Which Very Common Debt Isn’t On Your Credit Record?

This is a guest post by Sara Williams who blogs about everything to do with debt and credit ratings at Debt Camel.

It’s natural to assume that all debts, or at least the important ones, will show on your credit file. There are three credit reference agencies in Britain – Experian, Equifax and Call Credit – so if you check your credit records at all three, you expect to get the full picture… But if you have got behind with your Council Tax, this isn’t there!

Why is council tax missing?

The sorts of debts that are recorded on credit records are “regulated” debts. These include consumer debts such as credit cards, catalogues, loans, overdrafts, HP, mortgages etc. And there are also utility and other household bills such as electricity, water, mobiles.

But tax debts and other “government” debts such as benefit overpayments, don’t get reported to the credit reference agencies. And this includes council tax arrears, which was a major cause of debt problems for millions of people in 2016:

  • Citizens Advice say it has overtaken credit cards as the most common debt their clients have;
  • StepChange say a third of their clients have serious council tax arrears.

You can’t get a CCJ for council tax debt

You might expect that if your council takes you to court for council tax arrears, the resulting CCJ will appear on your credit record. But it doesn’t, because technically you get a Liability Order, not a CCJ, and Liability Orders aren’t reported to the Credit Reference Agencies.

But it’s still a “priority debt”

It would be a big mistake though to decide it’s more important to pay your credit card than your council tax. Council Tax needs to be treated as a priority because you can get sent to prison for not paying it… and that can’t happen with any consumer debts – loans, catalogues, credit cards, overdrafts etc. And more than a thousand people a year are made bankrupt by their local council for council tax arrears.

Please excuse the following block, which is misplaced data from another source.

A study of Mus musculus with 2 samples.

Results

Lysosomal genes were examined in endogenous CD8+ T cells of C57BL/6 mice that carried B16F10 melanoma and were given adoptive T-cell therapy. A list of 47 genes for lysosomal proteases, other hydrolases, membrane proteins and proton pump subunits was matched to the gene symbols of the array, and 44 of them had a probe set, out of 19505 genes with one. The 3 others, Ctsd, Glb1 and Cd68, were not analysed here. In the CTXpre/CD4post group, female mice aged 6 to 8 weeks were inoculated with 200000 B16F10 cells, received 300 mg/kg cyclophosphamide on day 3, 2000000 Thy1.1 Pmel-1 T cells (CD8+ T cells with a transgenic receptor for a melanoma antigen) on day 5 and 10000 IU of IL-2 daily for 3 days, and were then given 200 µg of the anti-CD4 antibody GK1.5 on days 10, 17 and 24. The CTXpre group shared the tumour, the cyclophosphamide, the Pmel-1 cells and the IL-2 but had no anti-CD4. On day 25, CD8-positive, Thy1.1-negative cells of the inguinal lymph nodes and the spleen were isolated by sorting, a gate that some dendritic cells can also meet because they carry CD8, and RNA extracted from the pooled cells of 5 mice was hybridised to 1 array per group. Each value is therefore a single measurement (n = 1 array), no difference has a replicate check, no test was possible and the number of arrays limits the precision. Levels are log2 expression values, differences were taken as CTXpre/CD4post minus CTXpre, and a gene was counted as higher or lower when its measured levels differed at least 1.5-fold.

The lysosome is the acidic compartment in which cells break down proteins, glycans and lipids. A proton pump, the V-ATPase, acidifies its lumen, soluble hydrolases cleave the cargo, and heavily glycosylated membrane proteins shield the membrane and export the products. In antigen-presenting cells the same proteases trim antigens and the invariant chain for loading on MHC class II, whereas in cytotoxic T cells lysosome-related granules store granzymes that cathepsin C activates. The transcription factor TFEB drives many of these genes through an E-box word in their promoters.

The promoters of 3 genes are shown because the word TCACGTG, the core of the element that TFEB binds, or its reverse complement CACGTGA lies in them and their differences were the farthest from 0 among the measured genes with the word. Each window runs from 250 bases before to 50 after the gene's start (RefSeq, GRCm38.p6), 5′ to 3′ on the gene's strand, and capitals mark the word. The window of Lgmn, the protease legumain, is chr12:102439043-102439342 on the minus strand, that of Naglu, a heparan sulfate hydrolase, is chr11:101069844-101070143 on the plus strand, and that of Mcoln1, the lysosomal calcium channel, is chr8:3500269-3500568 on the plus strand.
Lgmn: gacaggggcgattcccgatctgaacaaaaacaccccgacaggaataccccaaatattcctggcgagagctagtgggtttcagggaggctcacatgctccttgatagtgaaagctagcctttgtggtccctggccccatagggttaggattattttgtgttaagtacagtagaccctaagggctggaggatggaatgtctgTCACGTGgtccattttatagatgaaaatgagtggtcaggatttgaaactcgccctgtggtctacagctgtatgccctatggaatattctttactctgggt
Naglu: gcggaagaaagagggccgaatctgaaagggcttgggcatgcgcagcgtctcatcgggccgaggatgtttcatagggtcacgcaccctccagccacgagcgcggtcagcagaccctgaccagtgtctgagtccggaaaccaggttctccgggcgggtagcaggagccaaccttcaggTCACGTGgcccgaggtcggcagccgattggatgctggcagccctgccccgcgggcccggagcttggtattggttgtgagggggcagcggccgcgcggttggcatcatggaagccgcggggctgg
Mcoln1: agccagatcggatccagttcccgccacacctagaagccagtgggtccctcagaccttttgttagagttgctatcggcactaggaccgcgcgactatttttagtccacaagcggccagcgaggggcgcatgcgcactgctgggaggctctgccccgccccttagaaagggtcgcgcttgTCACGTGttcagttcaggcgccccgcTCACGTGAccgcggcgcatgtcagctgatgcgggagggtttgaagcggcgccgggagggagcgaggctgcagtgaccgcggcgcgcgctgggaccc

There is also an incredible practical reason why council tax should be one of your top priorities. Local Authorities are faster to take court action and then send in the bailiffs than any bank, credit card, catalogue or payday lender.

And each stage adds more costs to what you owe. Liability Order costs are often over a hundred pounds. Bailiffs charge you £75 just for writing you a letter saying they are handling your debt. If you can’t make an arrangement to pay it then and the bailiff comes to your house, that’s another £235. So an initial council tax debt of only a hundred pounds can jump to over five hundred pounds within a few months.

So if you don’t want to deal with bailiffs or have a debt escalate alarmingly, council tax needs to be paid, even if that means you can’t pay non-priority debts.

If you aren’t sure what the most important bills and debts are, or how to cope if you have problems paying these, see What are priority and non-priority debts? for details.

Thinking Thrifty

Thinking Thrifty

David Naylor is the editor of the Thinking Thrifty blog. An award winning personal finance and lifestyle blogger, he shows how it is possible to live extremely well for less.
Thinking Thrifty

  1. Its the most common question asked; “will this council tax debt affect my credit?”. You should know that there are suggestions to supply Registry Trust with liability order details. Not sure if it will happen but is it a bad thing? Why should a creditor not be able to see the full picture?